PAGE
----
Experts say vitamins don’t provide health benefits for most people, but some people may feel better because they expect to feel better. Researchers say multivitamins and mineral supplements don’t improve a person’s overall health unless they have known deficiencies of these substances. They say the “placebo effect” may result in people saying they feel better after taking daily vitamins. They say certain vitamins may have some benefits, but we are better off getting our nutrition through healthy foods.
People in the United States, for instance, are said to spend more than $30 billion per year on vitamins and supplements. About 3 in 4 Americans take a dietary supplement every day. However, there’s scant evidence that multivitamins or mineral supplements have any positive impact on health, except for people with known vitamin or mineral deficiencies.
The research, published in the journal BMJ Open, compared self-reported and clinically measurable health outcomes among a group of more than 21,000 multivitamin users and non-users in the United States. Of these, 4,933 said they regularly took multivitamins or mineral supplements while 16,670 said they did not.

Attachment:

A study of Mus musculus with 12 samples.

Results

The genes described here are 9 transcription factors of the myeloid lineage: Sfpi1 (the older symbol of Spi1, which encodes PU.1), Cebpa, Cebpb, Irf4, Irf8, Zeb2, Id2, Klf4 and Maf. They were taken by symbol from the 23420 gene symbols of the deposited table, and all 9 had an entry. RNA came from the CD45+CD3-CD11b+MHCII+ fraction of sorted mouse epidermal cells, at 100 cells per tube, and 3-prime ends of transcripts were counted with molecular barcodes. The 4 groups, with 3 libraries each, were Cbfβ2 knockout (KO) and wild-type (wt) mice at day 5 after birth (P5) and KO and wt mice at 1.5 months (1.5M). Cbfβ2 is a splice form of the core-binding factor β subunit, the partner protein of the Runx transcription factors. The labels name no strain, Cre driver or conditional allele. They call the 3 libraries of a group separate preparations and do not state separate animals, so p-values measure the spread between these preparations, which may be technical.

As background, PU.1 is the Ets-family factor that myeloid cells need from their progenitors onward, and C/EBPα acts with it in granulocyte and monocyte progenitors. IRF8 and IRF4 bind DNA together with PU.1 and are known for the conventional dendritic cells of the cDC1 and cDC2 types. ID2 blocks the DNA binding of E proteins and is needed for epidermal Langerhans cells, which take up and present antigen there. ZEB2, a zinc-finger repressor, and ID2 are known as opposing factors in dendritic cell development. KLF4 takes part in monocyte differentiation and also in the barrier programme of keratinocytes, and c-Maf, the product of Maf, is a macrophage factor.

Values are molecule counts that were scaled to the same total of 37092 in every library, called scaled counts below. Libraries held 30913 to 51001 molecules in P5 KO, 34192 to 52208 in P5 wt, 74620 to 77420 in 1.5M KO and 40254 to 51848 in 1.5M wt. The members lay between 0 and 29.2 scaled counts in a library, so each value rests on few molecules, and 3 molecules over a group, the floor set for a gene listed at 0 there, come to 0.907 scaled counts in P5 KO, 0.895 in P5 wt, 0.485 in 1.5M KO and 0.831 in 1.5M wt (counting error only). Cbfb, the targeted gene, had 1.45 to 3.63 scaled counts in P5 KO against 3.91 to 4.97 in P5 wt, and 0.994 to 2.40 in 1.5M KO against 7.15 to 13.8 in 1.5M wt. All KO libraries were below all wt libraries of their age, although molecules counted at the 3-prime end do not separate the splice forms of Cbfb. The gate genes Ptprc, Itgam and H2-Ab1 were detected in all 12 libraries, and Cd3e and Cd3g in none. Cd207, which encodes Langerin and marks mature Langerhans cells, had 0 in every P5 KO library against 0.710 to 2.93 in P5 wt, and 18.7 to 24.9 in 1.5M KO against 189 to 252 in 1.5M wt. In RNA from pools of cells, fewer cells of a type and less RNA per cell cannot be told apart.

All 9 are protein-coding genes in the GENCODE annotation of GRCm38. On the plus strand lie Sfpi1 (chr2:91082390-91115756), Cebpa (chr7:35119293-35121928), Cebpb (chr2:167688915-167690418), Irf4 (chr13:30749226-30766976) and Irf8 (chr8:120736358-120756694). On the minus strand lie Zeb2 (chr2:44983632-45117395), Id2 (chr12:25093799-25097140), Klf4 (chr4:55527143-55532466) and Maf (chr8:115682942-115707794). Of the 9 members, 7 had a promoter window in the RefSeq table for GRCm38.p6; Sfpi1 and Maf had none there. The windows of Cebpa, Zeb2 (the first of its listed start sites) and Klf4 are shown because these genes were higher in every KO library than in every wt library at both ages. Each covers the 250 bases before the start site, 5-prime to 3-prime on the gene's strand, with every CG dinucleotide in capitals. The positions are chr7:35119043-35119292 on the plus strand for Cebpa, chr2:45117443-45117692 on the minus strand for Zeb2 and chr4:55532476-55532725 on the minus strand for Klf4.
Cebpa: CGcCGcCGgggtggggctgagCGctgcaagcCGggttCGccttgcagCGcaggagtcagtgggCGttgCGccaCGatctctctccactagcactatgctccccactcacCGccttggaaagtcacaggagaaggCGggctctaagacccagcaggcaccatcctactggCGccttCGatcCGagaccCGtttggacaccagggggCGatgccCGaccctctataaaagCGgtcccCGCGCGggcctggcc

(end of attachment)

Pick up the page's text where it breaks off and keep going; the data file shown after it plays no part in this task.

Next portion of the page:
The study, which drew data from the 2012 National Health Interview Survey (NHIS) Trusted Source, found that the supplement users reported 30% better overall health than those who didn’t take supplements. But supplement users scored no higher than non-users when their psychological, physical and functional health was assessed.
The NHIS included questions on subjective self-assessments of health, including the need for help with routine daily activities as well as personal history of long-term conditions such as high blood pressure, asthma, diabetes and arthritis. It also asked about the presence of common health conditions in the preceding 12 months, including infections, memory loss, neurological and musculoskeletal problems, and individuals’ degree of psychological distress. “Multivitamin users self-reported better overall health despite no apparent differences in clinically measurable health outcomes,” the study concluded.
“These results suggest that widespread use of multivitamins in adults may be a result of individuals’ positive expectation that multivitamin use leads to better health outcomes or a self-selection bias in which multivitamin users intrinsically harbor more positive views regarding their health,” the research said.
The study found that, compared to non-users, people who regularly took vitamins were older and had higher household incomes. They were also more likely to be women, college graduates, married, and to have health insurance. Many of those factors are associated with better health and quality of life.